Survivors UK tackle assumptions about male rape
According to figures from the Metropolitan Police, at least one man every hour is the victim of some form of sexual crime in the UK’s capital city. In response to these figures, Survivors UK have launched a campaign in a bid to raise awareness of sexual violence against men.
Official statistics recently released by the government have revealed that only 11% of male sexual crime victims actually report the incident to the police. In addition, further figures from the Met Police show that between 2009 and 2010 – a total of 945 sexual assaults against men were reported in London, suggesting that the true figure is somewhere around 10,000.
The Survivors UK campaign pictures a rugby ball pierced by a nail, and carries the message ‘Real Men Get Raped and Talking About It Takes Real Strength’. The hard-hitting campaign is set to be featured on 140 escalator panels throughout the capital, coinciding with the Six Nations rugby tournament. In addition, they will also feature on billboards at busy London train stations Waterloo and Clapham Junction when England are playing home tournaments.
Survivors UK spokesman Michael May explained how the organisation opted to use an ‘alpha male’ sport to channel their message in an attempt to challenge some of the assumptions in existence about the kind of men who get raped.
‘It’s just as likely to be a rugby player as a librarian, a suited city banker as a hooded gang member. And we hope that by challenging our innate assumptions about the identity of male victims, we can make it even fractionally easier for a male rape victim to ask for help.’ He said.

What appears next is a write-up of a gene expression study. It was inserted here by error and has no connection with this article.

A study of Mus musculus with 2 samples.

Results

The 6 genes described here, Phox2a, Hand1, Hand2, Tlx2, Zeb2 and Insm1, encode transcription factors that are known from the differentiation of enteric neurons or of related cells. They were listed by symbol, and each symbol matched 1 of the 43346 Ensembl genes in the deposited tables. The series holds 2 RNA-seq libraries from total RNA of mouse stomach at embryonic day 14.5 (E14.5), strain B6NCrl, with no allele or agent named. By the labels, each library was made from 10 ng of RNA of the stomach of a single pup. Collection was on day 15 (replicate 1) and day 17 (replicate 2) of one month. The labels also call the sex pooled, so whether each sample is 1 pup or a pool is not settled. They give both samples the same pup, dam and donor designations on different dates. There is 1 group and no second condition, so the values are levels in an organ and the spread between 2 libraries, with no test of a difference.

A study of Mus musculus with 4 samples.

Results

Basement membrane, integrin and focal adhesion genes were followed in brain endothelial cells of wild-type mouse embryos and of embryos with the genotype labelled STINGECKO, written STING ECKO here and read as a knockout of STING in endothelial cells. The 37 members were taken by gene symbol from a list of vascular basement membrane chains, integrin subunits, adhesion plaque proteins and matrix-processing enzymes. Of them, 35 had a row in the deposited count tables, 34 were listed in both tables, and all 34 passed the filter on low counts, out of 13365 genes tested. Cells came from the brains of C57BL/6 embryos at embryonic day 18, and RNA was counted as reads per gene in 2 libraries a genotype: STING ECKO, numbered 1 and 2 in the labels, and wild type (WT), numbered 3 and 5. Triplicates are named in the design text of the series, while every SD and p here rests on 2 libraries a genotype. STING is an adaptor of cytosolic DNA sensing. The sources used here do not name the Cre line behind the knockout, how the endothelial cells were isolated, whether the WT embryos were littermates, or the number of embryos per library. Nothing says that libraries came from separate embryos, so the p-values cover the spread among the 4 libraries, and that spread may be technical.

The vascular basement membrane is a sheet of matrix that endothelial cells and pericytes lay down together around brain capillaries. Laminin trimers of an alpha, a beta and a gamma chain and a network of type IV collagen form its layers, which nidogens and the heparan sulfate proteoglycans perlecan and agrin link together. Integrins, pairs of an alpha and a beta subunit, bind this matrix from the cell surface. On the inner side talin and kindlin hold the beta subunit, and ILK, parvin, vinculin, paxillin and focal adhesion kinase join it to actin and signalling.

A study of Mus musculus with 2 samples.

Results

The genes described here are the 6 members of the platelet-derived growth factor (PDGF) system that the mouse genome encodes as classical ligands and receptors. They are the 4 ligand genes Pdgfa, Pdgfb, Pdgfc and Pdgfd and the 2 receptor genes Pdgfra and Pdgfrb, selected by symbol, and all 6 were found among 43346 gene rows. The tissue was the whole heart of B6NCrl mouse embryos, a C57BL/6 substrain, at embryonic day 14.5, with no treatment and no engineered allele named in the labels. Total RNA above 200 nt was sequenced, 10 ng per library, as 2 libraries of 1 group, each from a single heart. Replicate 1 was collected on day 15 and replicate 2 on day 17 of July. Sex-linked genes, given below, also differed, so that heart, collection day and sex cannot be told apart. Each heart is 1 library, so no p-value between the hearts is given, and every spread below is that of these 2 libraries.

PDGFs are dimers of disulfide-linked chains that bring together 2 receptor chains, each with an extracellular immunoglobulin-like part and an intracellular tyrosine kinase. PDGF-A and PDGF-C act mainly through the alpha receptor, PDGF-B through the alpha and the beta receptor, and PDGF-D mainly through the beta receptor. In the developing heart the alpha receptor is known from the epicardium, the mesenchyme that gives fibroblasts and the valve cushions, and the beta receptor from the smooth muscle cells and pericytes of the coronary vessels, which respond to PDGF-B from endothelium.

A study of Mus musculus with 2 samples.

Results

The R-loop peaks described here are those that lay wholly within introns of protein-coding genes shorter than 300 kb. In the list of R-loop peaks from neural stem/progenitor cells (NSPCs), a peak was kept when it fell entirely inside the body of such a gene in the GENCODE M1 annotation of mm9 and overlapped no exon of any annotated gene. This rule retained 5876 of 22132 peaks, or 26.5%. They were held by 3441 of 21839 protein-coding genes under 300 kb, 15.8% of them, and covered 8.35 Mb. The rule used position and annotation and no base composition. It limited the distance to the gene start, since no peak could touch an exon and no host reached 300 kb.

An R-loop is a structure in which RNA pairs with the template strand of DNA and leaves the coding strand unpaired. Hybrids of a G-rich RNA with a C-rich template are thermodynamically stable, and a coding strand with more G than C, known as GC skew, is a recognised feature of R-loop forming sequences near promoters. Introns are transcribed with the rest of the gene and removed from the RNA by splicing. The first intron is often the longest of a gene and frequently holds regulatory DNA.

Victims of sexual violence often find it extremely difficult to recover from the trauma they experience, especially in cases in where they have felt unable to report the incident through official channels.
Male victims in particular may struggle to overcome preconceptions that they should have been able to fight off the attacker, or that they should be ‘dominant’ during sexual encounters – both are reasons that could prevent them for reporting the attack for fear of stigma and embarrassment.
If you are the victim of sexual violence, it is important that you report the incident and seek help. If you are a male, get in touch with Survivors UK who will be able to offer you emotional support over the telephone as well as directing you to additional services if appropriate.
Women who have experienced sexual violence should get in touch with Women’s Aid.
Whilst these helplines are extremely beneficial, individuals who are suffering from long-term trauma because of sexual violence may also wish to look into counselling. Visit our pages on trauma counselling and sexual abuse to find out more, or alternatively visit our homepage and use the search tool to locate a qualified professional in your local area.